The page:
With one small son and another on the way, Jeremy Hollis and his wife Amanda knew that their days of living in the city were numbered.
“We loved our life in Chicago, but once we had kids, we wanted things to be simpler,” says Hollis. “My wife’s sister lived in Evanston so we were familiar with Evanston and the surrounding area.”
Deciding to focus their new home search on East Wilmette, the couple found a house online that they had to see. “It was the only house we ever walked through,” Hollis says of the home they bought. “We knew it was what we were looking for.”
Surprising themselves, the Hollis family chose a grand, neoclassical home that was originally built in 1893. It is one of the oldest homes still standing in the neighborhood from this era. “We’re definitely not ‘old home’ people,” Hollis says. “We lived in a brand new condo in the city. But there was something about this house.”
Having undergone several renovations over the years, with some of its largest transformations taking place in the last decade, the homeowners previous to the Hollis family engaged Northbrook-based Scott Simpson Design + Build to help them with a two-story addition on the north side of the home.
“We researched information on the original home using resources at the Wilmette Historical Society,” says Scott Simpson, a founding partner of Scott Simpson Design + Build. “From old plans, pictures, and on-site research, we were able to find the story in what remained of the original home to make plans that would respect the vision of the home’s first architect.”
Simpson and his team were mindful of the Greek Revival details inherent to the home when they added dormer windows at the roofline and commissioned hand-carved ionic-style capitals to top the deteriorated exterior columns. Though now supported by the modern conveniences of radiant heat and a top-of-the-line furnace, original features like a wood-burning fireplace in a second- floor bedroom continue to convey the charm of the 1800s. In 2008, this home received a Wilmette Historic Preservation Award because of the work that had been done to preserve this piece of the community’s history.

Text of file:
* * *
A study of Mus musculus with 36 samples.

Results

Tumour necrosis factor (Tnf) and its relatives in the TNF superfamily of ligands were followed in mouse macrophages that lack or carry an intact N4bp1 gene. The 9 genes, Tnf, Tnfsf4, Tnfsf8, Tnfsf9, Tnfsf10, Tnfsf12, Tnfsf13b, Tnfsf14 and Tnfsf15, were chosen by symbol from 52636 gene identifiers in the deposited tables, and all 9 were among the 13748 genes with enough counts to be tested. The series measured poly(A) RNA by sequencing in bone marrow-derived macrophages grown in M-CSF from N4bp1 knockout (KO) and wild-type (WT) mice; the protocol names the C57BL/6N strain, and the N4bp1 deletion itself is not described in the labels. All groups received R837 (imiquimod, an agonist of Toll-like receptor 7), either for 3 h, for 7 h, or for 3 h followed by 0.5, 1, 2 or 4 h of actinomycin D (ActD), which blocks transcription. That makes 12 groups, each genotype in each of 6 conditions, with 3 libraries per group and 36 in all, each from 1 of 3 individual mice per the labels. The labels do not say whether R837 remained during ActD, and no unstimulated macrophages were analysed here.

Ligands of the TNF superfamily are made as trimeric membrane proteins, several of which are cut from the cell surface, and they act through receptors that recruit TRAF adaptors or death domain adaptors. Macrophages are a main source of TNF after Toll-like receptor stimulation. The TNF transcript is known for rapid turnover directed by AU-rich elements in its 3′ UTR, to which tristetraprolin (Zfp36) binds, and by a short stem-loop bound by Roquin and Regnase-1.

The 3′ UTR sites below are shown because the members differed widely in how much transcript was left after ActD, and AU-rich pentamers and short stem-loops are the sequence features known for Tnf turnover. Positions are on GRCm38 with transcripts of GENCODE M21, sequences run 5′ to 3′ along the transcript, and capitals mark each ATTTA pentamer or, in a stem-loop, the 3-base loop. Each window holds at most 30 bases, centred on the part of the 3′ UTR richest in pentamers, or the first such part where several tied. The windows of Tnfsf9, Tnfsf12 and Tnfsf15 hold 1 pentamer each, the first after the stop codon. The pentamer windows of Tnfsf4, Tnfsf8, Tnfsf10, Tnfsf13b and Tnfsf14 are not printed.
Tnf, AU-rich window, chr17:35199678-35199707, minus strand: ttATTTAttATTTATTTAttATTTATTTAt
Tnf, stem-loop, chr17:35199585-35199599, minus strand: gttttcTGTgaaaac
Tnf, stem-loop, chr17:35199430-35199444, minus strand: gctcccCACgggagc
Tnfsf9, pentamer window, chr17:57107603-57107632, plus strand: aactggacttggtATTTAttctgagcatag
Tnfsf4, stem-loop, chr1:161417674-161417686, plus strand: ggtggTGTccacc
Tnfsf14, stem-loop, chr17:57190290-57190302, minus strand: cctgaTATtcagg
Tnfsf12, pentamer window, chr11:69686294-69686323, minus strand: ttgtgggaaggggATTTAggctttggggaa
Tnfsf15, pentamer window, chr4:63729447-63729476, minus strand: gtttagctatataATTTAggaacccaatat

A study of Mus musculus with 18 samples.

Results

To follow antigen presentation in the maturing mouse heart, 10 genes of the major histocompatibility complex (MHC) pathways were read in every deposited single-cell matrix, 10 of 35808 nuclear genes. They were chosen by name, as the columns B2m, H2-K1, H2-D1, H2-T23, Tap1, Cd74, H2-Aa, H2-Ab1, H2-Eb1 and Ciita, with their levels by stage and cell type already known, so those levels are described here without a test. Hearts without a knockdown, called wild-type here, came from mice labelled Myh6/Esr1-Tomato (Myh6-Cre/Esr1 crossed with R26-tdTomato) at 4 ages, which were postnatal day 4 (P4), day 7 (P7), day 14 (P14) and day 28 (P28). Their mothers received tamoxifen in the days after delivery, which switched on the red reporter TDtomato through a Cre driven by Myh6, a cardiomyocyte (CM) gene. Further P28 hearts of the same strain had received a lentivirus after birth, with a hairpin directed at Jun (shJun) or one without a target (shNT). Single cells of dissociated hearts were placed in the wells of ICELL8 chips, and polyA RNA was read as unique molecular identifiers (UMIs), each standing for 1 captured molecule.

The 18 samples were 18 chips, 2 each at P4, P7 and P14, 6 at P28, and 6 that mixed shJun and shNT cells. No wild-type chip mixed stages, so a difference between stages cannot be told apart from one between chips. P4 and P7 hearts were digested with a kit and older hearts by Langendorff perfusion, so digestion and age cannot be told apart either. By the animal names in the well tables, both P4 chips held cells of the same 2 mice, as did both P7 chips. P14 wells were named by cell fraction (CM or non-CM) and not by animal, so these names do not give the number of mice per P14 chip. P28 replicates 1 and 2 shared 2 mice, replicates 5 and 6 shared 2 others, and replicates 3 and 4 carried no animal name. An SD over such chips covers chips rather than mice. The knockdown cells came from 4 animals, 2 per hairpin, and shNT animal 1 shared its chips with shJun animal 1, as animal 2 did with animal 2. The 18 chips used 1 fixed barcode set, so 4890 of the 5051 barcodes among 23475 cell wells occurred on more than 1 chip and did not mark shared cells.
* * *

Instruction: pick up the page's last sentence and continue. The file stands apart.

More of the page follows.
Now working with the Hollis family, Simpson, alongside his principal architect Amy Mangold and partner Thomas “TK” Kenny, has overseen the remodeling of the Hollis’ kitchen, a new mudroom, family room, master bedroom and bath, and a SoulCycle-inspired lower level gym that required significant digging under the Hollis’ home. The Simpson team also rebuilt the exterior entertainment porch, created the first fire pit in Wilmette, and laid a fresh bluestone and iron-gated front walkway. Additionally, the team replaced every window in the house—while preserving the original stairwell windows, and an oval window on the second level that was uncovered during construction.
“The oval window is a really cool story,” says Hollis, whose enthusiasm for his home is contagious. “We had to replace the siding on the exterior of the house. In some old pictures of the original home, we could see that there was an oval window on the southside of our home. Because we couldn’t see it any more, we just assumed it had been removed. But when Scott’s team took down the siding and drywall, they found this window from 1893, completely preserved—just covered up. We decided to restore it and today it looks great, just how the original architect had sketched it.”
In addition to looking great, replacing and restoring the exterior of the home has helped the Hollis’ improve their house’s heating and cooling efficiency. “I’m a carpenter at heart—that’s how I started in this business—and if we can make the structure of a home better, I feel like I’ve done my job. It does cost a lot to tear off siding but if we can get in there and add more insulation, it is money well spent,” explains Simpson.
Today, the Hollis family has a new 3-car garage and an outdoor kitchen in the works with Simpson Design + Build.
“We couldn’t be happier working with Scott and Amy,” Hollis says. “I don’t want to say that we’re demanding, but we might be a little demanding,” Hollis adds with a laugh. “They’ve been great partners allowing us to have input. I think we’ve always ended up with a product better than we could have predicted.”
“Jeremy and his wife are just the kind of couple we need to have buying these older homes,” Simpson adds. “They appreciate what it means to own a piece of history and they’re willing to do what it takes to make it work for their family. Jeremy’s passion for these projects has been exceptional. Amy said it best when she told Jeremy that his home is lucky to have such incredible stewards because that is exactly what his family is.”
For more information about Scott Simpson Design + Build, visit scottsimpsondesignbuild.com.